Michael Arrington kills his Crunchpad due to a breakdown of communications (and opposing goals) with partner Fusion Garage.
Arrington details the mess in this story, and the gist of it is in these two paragraphs:
' But the email went on. Bizarrely, we were being notified that we were no longer involved with the project. Our project. Chandra said that based on pressure from his shareholders he had decided to move forward and sell the device directly through Fusion Garage, without our involvement.Neither company, Arrington says, owns the intellectural property of the Crunchpad outright and only TechCrunch holds the trademark. In the meantime there've been no statements from the other side, and all we have is this.
Err, what? This is the equivalent of Foxconn, who build the iPhone, notifying Apple a couple of days before launch that they’d be moving ahead and selling the iPhone directly without any involvement from Apple. '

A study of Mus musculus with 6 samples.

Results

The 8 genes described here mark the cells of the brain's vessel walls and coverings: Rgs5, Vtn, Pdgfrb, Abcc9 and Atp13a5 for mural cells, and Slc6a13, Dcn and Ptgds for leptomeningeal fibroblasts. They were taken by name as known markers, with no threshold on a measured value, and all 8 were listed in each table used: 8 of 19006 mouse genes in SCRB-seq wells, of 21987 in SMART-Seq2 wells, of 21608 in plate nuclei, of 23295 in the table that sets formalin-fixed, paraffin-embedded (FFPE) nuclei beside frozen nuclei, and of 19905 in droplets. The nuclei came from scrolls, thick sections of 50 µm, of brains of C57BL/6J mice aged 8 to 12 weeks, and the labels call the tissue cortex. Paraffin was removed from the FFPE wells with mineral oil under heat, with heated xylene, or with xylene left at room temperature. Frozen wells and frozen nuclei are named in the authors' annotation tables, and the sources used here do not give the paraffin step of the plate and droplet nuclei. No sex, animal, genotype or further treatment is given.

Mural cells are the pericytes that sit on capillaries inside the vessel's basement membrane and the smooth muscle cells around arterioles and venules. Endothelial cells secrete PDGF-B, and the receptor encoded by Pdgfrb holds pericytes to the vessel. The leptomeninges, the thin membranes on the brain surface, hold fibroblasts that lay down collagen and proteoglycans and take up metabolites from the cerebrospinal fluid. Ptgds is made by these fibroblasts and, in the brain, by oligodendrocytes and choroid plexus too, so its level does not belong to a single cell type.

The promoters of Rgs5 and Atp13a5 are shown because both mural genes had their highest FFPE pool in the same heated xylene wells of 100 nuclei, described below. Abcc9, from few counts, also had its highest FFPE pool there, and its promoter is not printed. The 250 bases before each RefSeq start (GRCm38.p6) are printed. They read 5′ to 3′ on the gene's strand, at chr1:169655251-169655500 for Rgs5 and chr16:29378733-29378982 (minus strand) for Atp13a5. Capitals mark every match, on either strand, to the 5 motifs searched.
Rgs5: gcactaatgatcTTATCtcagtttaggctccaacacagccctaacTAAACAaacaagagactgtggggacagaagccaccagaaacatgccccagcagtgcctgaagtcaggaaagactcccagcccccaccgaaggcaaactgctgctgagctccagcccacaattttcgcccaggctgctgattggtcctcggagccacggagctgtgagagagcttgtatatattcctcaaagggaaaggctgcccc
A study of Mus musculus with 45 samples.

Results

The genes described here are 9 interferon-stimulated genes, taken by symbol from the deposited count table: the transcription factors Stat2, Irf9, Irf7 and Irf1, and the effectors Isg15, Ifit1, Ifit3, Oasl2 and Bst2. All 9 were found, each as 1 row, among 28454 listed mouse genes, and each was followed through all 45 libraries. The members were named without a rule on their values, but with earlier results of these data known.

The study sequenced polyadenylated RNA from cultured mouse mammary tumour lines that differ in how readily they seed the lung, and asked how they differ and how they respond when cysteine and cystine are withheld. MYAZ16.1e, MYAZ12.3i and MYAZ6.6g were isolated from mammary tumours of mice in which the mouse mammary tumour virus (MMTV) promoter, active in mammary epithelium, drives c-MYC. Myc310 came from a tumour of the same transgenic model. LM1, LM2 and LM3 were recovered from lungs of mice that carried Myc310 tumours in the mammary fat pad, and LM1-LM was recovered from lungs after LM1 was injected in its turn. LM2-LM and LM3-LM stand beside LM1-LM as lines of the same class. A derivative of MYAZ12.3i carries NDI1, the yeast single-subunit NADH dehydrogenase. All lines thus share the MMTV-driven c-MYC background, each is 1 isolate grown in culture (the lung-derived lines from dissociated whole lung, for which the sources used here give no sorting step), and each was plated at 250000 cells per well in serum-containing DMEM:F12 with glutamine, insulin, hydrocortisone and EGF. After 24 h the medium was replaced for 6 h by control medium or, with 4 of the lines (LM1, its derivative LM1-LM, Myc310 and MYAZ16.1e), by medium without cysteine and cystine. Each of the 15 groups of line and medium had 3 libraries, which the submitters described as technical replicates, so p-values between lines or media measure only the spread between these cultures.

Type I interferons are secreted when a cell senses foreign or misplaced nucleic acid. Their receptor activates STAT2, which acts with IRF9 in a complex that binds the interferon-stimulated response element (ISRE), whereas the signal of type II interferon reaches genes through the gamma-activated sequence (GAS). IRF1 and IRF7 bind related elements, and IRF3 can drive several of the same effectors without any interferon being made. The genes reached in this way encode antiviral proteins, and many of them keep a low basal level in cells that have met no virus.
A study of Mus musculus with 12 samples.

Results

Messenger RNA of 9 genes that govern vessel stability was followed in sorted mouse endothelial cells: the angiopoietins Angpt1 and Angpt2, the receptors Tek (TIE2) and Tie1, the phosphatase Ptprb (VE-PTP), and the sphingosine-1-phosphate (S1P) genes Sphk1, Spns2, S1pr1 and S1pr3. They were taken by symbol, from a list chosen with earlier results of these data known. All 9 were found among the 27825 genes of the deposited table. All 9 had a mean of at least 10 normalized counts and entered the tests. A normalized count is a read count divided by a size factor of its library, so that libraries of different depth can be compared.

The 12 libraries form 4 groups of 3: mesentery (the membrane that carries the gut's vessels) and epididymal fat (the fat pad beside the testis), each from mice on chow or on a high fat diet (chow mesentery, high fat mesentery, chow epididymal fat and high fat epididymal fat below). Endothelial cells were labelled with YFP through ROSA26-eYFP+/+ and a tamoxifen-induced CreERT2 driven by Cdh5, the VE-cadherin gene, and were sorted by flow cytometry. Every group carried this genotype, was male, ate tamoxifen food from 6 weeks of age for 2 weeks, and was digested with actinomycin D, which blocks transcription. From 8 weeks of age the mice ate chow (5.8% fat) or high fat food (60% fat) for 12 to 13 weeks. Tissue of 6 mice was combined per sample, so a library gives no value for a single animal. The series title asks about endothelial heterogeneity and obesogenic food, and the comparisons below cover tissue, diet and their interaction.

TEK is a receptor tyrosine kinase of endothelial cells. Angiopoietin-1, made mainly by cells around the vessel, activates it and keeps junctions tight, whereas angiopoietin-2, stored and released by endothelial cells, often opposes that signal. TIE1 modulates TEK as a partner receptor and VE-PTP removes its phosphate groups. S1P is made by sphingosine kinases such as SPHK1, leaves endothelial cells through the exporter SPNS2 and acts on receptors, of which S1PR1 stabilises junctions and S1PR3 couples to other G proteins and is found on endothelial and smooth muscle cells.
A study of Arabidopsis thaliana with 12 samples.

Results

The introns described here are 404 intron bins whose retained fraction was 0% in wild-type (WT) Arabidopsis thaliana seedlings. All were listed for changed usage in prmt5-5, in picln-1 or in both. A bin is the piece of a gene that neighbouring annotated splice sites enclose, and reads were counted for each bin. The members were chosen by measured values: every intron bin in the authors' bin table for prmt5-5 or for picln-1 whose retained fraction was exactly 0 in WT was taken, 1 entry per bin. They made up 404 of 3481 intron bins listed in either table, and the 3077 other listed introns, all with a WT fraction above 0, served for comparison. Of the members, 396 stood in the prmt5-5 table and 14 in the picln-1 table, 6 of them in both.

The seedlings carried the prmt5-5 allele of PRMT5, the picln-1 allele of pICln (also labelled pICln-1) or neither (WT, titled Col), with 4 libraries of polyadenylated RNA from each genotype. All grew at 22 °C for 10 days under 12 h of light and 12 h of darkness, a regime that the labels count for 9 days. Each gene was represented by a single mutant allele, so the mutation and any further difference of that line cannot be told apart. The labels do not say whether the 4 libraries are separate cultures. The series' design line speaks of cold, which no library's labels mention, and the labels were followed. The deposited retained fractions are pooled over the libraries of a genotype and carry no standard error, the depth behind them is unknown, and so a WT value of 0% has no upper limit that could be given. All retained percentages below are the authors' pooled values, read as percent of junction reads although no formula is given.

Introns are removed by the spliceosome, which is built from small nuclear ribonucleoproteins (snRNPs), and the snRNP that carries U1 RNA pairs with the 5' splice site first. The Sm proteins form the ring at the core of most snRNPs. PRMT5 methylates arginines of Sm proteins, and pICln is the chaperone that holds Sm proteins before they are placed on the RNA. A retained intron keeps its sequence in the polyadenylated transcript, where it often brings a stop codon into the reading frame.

I just read it and there are 957 comments since early morning. Quite skeptical ones. Doesn't actually sound like The End to me but a last grasp for control. Sad to see, as it was a promising gizmo, though the price could never have been as low as Arrington insisted it could be done and the estimates had continued to grow. Inordinately dramatic ending that's reminiscent of a bad movie.
And, an Update following that last thought: CNET Asia has some links to discussions of all this, and a caution: it's not exactly politically correct.
Also, Update2, Information Week has an interesting perspective on this, remembering the original goals of the project. Below are ways to Share this post if you'd like others to see it.